Monday, September 7, 2009

Smart Grid Ontogeny need not Recapitulate Internet Phylogeny

Many years ago, French physician and embryologist Etienne Serres suggested that more advanced species passed through the developmental stages of their evolutionary chain as they came into existence. This was later summed up into the (incorrect) axiom, "Ontogeny (development and growth) recapitulates Phylogeny (evolution)", by Ernst Haeckel, known as the "Recapitulation Theory". While disproven to the satisfaction of most scientists years ago, it seems that Drs. Serres and Haeckel may have an angle on the growth of the Smart Grid.

During the early growth of internetworking, there were centers of computing power, and within them, commuities that wished to be united with other similar groups. More importantly, there were those that simply understood that such communication was possible, and they worked to try to accomplish it. In 1969, the very young arpanet had four nodes on it. There was already growing computing power, but the connection of the vast majority of those systems, and any sense of potential for heterogeneity was clearly a thing for the future. This picture, from the Computer History Museum provides a cocktail napkin's view of how simple the Internet's beginnings were

That network would grow in 20 years to have hundreds of thousands of nodes, as individuals and organizations created applications and infrastructure to support a new generation of businesses and communications. Sadly, though, along the way there were a generation of mishaps, from the Morris worm, to CodeRed, to identity theft and denial of service attacks.

The evolution of the Internet has been a bumpy one. When things are so exciting, so much is possible, and when there is unlimited fuel (in this case venture capital and rising stock values) it is hard to keep organizations focused on doing things safely.

The Smart Grid is at the launching pad of a similar accelerated evolution. Interest in renewables and political capital are combining with environmental passions, grant money, and a green field industry. If one believes that recapitulation theory is inevitable, we will simply accept that the growth of the Smart Grid will demonstrate all of the flaws and weaknesses of the Internet as it matures. Haeckel and Serres posited that there was one basic form that organisms began with, and that such a form was then morphed into whatever being was under development. Many view the Smart Grid in the same way, that it is an infrastructure, much like the existing Grid, or the Internet, or both, and therefore it will necessarily experience many, if not all of the same bumps. I don't think it has to.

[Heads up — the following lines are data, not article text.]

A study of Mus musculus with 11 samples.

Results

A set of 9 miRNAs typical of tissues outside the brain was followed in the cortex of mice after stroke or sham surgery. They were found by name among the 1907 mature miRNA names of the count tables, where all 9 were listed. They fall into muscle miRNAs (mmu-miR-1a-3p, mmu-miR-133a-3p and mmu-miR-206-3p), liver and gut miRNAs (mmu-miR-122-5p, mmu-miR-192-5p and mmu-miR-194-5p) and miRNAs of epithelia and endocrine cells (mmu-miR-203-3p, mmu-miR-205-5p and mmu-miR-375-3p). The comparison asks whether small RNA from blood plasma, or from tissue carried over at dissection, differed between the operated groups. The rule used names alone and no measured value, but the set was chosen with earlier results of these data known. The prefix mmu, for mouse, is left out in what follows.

Biological recapitulation is largely discredited because it was provable that humans never had the scales of early reptiles, or mammalian teeth while in the womb, or other clearly identifiable earmarks of adults of more primitive species. I would ask that we think of all of the earmarks of the problems of the Internet's growth be examined; insecure configurations, poor access control, and unexamined software and systems, and that these issues be removed. Let us prove that Smart Grid development will not recapitulate the Internet's evolution, because we have learned from that experience, and now have the power to skip those steps as we move on to the next phase of power creation, consumption, and distribution.